I had a boss once who was bad at remembering people’s names, but astonishing in his recall of the pattern of consonants and vowels in those names. He’d say, “it’s Joe something, consonant consonant vowel consonant” and sure enough, it would be a Joe Blow. That’s a lazy example so I don’t have to write out “consonant” and “vowel” too many times, but he’d do it with long names, too. I found it amusing and, as always with the way memory works, intriguing.
I have my own version of that, but it’s less Stupid Human Tricks and more Stupid Human. Echoing that consonant vowel memory but without its usefulness, I tend to mix up names like Harper and Martin. In fact, exactly like Harper and Martin. This is a problem, non-Canadian readers, because Harper and Martin are the last names of our last two prime ministers, who are not at all similar. When it seems like you can’t remember who runs your country, it can be a bit of a credibility issue.
Recently, I had an even less explainable lapse. My local grocery store had a bin of discounted paperbacks by the register, and I impulse bought one by an author I admire, celebrating at my luck in getting such a bargain on a new read by the man who wrote Saturday and Atonement, Ian Whatshisface.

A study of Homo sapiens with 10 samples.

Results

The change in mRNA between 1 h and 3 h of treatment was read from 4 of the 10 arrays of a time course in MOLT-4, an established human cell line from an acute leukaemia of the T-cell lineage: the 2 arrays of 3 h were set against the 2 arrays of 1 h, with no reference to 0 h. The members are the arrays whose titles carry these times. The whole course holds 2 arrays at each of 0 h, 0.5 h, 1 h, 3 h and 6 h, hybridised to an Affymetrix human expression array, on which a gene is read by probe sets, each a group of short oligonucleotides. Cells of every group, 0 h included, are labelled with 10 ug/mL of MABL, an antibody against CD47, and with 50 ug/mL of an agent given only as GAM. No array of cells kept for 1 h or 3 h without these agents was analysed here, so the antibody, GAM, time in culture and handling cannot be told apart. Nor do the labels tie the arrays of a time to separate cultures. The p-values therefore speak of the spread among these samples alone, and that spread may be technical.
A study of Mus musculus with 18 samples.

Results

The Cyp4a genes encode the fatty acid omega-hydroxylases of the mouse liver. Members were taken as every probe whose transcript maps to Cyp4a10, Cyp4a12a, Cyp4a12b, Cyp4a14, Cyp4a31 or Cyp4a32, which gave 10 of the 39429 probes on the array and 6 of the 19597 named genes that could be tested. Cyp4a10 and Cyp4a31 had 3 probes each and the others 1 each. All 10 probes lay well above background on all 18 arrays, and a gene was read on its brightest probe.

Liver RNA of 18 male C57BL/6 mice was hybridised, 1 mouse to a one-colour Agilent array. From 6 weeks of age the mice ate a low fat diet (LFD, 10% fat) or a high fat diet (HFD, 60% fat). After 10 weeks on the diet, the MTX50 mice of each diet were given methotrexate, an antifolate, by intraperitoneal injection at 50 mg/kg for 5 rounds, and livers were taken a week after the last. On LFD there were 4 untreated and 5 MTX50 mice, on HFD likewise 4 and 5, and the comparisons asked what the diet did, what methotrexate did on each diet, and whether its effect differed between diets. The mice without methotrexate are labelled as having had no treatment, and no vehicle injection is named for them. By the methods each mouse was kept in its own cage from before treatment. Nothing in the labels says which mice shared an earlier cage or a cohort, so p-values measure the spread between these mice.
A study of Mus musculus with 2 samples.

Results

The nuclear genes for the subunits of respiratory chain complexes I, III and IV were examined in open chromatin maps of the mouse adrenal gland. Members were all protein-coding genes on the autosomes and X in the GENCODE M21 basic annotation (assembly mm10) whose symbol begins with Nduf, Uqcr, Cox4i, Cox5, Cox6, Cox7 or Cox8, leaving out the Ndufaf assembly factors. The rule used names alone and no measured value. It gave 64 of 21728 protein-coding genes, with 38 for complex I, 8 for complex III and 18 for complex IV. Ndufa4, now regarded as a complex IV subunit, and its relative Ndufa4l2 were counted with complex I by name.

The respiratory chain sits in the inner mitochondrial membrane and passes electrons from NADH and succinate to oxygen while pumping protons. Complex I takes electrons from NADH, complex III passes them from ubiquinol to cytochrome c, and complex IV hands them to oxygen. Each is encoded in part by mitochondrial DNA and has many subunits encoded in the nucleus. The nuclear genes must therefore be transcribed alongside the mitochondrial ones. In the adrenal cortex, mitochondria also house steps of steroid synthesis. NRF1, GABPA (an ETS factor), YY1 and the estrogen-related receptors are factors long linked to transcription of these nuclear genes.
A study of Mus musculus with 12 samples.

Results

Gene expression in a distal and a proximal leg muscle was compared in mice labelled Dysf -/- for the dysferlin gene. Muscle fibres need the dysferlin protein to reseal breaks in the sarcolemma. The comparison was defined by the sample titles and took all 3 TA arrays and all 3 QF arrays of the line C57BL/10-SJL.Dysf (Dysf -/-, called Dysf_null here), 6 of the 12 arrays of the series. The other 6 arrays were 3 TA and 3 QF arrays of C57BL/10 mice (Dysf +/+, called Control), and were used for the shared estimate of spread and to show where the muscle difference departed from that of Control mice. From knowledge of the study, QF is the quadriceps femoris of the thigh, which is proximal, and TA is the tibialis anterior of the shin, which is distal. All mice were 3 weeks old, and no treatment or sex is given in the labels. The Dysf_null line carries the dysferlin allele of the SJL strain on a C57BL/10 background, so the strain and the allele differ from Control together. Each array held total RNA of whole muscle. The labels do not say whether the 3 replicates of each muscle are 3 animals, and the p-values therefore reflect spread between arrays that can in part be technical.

The book’s been sitting on my shelf for weeks waiting for its turn in my reading lineup, and when I finally picked it up a few days ago, something didn’t seem right. The jacket cover looked a little less literary than I’d have expected. Reading beyond the author’s name and the title brought the sad news that this was number 13 in a series. The Inspector Rebus series. Uh oh.
I’d bought a book by Ian Rankin instead of Ian McEwan. There are consonants and vowels in the wrong place all over those names. I’m sure Rankin is good at what he does, and he probably sells far more books than McEwan, but I’m not a crime or mystery fan at all, never mind the fact that I’ve missed out on the first 12 of Inspector Rebus’s adventures. You can tell, too, from reading Resurrection Men that there are constant references to already covered ground, which makes it an infuriating and boring read for someone coming in at #13.
Yes, that means I’m reading it anyway. I don’t have anything more compelling in line at the moment, and I’m always looking for new authors to try out, and I thought maybe this would end up being a serendipitous memory failure. It wasn’t. The book has my attention just enough to beat out the Cagney and Lacey book I should but probably never will review, but not enough of my attention that it will outlast my next book shopping trip, which I’m now motivated to schedule soon. Armed with a detailed shopping list.